If you’re considering knee replacement, you may be wondering what happens after surgery, during your knee replacement recovery period. Following your recovery plan and your doctor’s orders will make a big impact on the outcome of your surgery.
Keep reading to learn more about what to expect during the surgery recovery process and what you can do to help your body heal.
How Will I Feel During Knee Replacement Recovery?
For the human knee to function normally, three conditions need to be fulfilled: it should be pain-free, stable, and have a full range of motion. Certain diseases, like osteoarthritis, can lead to functional disorders in the knee, manifested by pain and instability.
Knee replacement surgery, also known as knee arthroplasty, can help relieve the common causes of knee pain, increase stability, and improve mobility.
In the last decade, there has been a lot of progress in this kind of surgery, and knee replacement recovery times are faster than ever.
Most people who have total knee replacement surgery will experience reduced pain, increased range of motion, and greater stability. Overall, the improvements after surgery increase the quality of life as many patients can walk without crutches or walkers.
How Long Does the Healing Process Take?
Immediately after surgery, there will be some general swelling from the surgery and some pain from the actual procedure. It is essential to use your walker or crutches until your physician says you no longer need them.
After four to six weeks, most people can resume normal day-to-day activities, including walking, driving, and doing light chores around the house. Your knee replacement recovery time will be dependent on your situation and if you consistently follow your physical therapy plan.
Will I Need Physical Therapy After Surgery?
Physical therapy is almost always recommended for knee replacement surgery patients to help them have a fuller and faster recovery. The exercises will help strengthen your knee and other muscles in your leg required to gain a full range of motion and maintain stability.
Some patients stop physical therapy once they feel ready to do regular day-to-day activities, but it’s essential to see your knee replacement recovery plan all the way through for the best results.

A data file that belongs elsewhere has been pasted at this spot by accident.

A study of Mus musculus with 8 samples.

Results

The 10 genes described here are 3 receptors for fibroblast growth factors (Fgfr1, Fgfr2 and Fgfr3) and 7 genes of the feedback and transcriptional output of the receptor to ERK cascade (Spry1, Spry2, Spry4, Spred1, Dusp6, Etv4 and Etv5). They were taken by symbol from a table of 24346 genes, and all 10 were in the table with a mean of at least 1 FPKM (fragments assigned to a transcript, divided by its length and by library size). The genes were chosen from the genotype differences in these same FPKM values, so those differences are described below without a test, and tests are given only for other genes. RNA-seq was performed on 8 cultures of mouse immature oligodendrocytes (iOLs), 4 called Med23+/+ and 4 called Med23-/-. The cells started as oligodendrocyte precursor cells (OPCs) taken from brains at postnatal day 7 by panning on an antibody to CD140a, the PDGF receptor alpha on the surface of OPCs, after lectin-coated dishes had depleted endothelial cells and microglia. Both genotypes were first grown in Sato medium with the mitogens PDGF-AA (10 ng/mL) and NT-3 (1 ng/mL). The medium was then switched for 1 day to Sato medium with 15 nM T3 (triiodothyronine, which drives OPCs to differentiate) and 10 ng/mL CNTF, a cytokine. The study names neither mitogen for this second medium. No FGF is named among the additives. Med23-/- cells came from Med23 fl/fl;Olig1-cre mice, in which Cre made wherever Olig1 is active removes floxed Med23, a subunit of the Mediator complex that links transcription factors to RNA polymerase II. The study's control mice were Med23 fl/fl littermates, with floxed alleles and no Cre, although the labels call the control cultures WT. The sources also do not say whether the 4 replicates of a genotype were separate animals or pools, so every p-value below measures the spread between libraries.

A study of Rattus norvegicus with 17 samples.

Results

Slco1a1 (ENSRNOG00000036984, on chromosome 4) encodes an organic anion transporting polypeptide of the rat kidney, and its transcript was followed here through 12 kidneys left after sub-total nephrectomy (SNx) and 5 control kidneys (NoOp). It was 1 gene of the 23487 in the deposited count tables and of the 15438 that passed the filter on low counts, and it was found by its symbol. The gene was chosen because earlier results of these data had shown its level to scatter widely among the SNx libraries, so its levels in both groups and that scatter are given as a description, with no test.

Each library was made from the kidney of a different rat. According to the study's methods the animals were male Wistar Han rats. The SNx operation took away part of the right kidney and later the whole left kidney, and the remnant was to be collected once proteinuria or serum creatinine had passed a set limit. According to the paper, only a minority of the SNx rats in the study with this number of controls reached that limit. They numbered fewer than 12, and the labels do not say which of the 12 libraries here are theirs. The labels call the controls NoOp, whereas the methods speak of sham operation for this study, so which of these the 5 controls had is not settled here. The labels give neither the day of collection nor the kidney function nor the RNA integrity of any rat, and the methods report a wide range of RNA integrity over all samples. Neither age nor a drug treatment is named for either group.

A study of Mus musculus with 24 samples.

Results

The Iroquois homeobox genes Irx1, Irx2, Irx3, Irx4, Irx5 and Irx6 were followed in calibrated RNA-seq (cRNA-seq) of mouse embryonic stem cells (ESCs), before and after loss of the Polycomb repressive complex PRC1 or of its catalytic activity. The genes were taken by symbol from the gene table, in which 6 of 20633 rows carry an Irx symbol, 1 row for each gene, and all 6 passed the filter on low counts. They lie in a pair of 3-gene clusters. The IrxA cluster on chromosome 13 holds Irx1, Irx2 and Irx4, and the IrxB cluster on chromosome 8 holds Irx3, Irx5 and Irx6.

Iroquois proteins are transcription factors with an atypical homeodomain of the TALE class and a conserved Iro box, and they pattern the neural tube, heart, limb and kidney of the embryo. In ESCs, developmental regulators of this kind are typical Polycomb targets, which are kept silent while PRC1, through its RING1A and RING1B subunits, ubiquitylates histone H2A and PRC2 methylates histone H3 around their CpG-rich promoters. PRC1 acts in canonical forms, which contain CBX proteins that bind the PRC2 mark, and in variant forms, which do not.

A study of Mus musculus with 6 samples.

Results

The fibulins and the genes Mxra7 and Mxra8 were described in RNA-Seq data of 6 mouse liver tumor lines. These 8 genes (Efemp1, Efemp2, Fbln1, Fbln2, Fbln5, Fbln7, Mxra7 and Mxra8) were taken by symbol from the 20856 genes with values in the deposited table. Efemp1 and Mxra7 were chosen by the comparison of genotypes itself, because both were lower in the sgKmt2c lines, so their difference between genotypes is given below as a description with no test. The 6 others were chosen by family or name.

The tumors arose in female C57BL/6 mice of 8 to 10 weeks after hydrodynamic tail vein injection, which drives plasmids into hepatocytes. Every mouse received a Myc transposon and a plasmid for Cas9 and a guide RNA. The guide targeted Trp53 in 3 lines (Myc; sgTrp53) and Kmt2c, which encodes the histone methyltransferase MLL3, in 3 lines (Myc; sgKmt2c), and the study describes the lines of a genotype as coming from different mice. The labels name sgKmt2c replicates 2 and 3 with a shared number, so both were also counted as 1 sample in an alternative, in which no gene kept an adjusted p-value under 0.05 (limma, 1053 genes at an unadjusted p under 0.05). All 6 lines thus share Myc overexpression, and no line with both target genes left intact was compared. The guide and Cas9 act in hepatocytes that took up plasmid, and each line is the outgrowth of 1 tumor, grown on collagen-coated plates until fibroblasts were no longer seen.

As soon as you start feeling pain, it is necessary to begin with analgesia. The same goes for the application of pain medication that you usually use.
The risks of arthroscopic knee surgery today are minimal. Most patients enjoy an increased quality of life due to decreased pain and increased mobility. After four to six weeks, most people can walk with assistance from crutches or a walker, but must continue physical therapy until recovery is complete.
Trust IBJI When You Need Knee Replacement Surgery
Move better and live better during knee replacement recovery with help from IBJI’s highly-trained knee surgeons, physical therapists, and orthopedic specialists.
We are experts in knee replacement surgery. Our practice has 150 physicians at 100 locations in the Chicagoland area, with expertise in surgical and non-surgical treatments for chronic knee pain and other orthopedic specialties.
*This blog post is for general information and educational purposes only regarding musculoskeletal conditions. The information provided doesn’t constitute the practice of medicine or other healthcare professional services, including giving medical advice, and no doctor-patient relationship is formed. Readers with musculoskeletal conditions should seek the advice of their healthcare professionals without delay for any condition they have. The use of the information is at the reader’s own risk. The content isn’t intended to replace your treating healthcare professional’s diagnosis, treatment, or medical advice.